Security has always been an issue on educational campuses, but this requirement has grown over time and today you don’t find institutions without a significant security operation. While outsourcing personnel may be a contentious issue for some, one standard required by educational institutions is that of security technology deployed in support of human personnel.
Alec Liu, Kedacom’s sales director has a number of suggestions when it comes to campus security, from broad surveillance solutions, to evidence collection options in the form of body-worn cameras. His suggestions include the following.
For the perimeter, surrounding areas as well as main entry and exit points, a Full HD starlight bullet camera with intelligent video analytics for line crossing would meet campus needs to effectively cover its perimeter and avoid any potential surprises from the outside. For more effective and secure access control, he also suggests an infrared bullet camera which could also be used for 24-hour monitoring as well as automatic number plate recognition if required.
Liu says a PTZ model would be the better choice to cover a large area surrounding a school (including playing fields, outdoor cafeterias, and parking garages), as well providing optimal viewing of school entrances and exits.
Specifically, Kedacom’s starlight and Ultra WDR HD 20x IR Speed Dome camera IPC425-F120-N will fit the bill with a unit focused on the centre of a big area or the front or back of school buildings. It offers full 360° of coverage and has a 20x optical zoom which could help accurately identify an individual, even at night with its starlight features and 180 m IR lens.
Additionally, for indoor surveillance and special outdoor areas, a semi-dome and bullet camera could cover a building, monitoring areas such as the lobby, labs etc.
Kedacom’s 2MP IPC2253-FN series camera operates in all lighting conditions and includes Ultra WDR and Smart IR features which could automatically adjust the light, providing clear images and video in changing lighting environments. Liu says this is important for indoor surveillance when bright sunlight can blind traditional cameras at various times of the day.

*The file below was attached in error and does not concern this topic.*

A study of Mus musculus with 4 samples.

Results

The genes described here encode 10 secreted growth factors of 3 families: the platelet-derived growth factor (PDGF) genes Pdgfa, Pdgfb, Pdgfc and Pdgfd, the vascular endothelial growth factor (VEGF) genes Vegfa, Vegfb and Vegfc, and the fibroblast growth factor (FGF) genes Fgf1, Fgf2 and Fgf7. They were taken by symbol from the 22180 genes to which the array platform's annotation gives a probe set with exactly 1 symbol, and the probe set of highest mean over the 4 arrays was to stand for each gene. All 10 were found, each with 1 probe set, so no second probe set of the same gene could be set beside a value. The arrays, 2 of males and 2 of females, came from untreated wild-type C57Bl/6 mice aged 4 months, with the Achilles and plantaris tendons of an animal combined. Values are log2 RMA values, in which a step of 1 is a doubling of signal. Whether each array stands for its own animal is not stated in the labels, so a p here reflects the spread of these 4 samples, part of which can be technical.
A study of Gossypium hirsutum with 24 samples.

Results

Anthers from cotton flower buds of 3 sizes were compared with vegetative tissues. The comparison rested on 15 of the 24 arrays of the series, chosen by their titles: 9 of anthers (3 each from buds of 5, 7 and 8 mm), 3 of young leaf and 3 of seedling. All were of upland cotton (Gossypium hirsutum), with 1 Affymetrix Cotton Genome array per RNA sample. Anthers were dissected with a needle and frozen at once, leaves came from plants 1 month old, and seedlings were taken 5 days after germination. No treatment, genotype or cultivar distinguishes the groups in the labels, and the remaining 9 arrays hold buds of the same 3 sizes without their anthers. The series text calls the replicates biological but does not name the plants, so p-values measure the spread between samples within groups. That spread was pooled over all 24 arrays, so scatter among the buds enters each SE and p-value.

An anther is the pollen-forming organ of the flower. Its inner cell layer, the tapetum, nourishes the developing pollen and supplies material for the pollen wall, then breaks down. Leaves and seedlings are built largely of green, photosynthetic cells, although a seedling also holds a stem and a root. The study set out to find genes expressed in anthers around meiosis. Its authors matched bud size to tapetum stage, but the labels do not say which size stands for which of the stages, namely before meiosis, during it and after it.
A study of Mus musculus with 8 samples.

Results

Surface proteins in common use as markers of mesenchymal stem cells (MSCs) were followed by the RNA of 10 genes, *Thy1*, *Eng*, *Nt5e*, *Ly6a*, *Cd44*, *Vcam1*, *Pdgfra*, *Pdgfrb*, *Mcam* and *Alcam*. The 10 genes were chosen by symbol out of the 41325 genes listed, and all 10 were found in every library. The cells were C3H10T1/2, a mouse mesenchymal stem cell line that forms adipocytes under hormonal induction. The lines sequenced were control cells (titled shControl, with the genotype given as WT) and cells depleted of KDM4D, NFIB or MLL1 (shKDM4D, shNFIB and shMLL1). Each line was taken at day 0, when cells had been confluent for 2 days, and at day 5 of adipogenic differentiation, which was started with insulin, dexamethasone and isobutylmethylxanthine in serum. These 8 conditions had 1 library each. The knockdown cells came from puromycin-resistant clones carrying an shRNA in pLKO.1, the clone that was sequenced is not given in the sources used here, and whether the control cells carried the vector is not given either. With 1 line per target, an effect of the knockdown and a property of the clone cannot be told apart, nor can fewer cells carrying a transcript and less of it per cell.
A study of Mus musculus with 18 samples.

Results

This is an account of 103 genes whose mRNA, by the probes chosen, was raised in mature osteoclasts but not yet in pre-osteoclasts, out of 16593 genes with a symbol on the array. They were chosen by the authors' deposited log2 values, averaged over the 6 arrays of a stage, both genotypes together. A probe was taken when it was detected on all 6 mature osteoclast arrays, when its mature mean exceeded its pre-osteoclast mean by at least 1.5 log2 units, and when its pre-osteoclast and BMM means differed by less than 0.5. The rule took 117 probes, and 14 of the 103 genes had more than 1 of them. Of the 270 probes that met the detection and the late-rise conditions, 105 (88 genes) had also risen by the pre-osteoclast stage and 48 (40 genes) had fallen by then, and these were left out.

Internally a mini or semi-dome camera with two-way audio is also recommended in areas such as halls, classrooms and even elevators. These not only provide quality images to the control room, but can also be used to communicate with people in the event of an emergency.
Kedacom’s high-performance NVR is equipped with intelligent alarms, and supports 64 IP camera channels, providing a free CMS client for better monitoring. The control centre itself needs to have modern storage and video display technologies to allow operators to keep an eye on developments at all hours, as well as video analytics to provide trigger alarms for specific incidents to assist human operators.
On the ground and on the move
Another area in which technology can assist the campus security operation is in the mobile sphere where guards and other security personnel can carry their own surveillance solutions with them. For example, Kedacom’s body-worn cameras allow security guards to collect evidence while they are on the scene, whether it is in a riot situation or other smaller and less severe incidents.
Not only do body-worn cameras allow for real-time evidence recording, but they can also allow the control centre to observe the situation in real time and initiate any further response if required. The batteries in these devices can easily cater for operations over a full guard shift.
For those campus security operations that include automotive patrols, Kedacom also provides a full range of vehicle-based security solutions, from robust in-car storage solutions, cameras and other technologies that are designed for the rough ride they will experience on the road, as well as a variety of network solutions to ensure the best images are transmitted back to the control centre.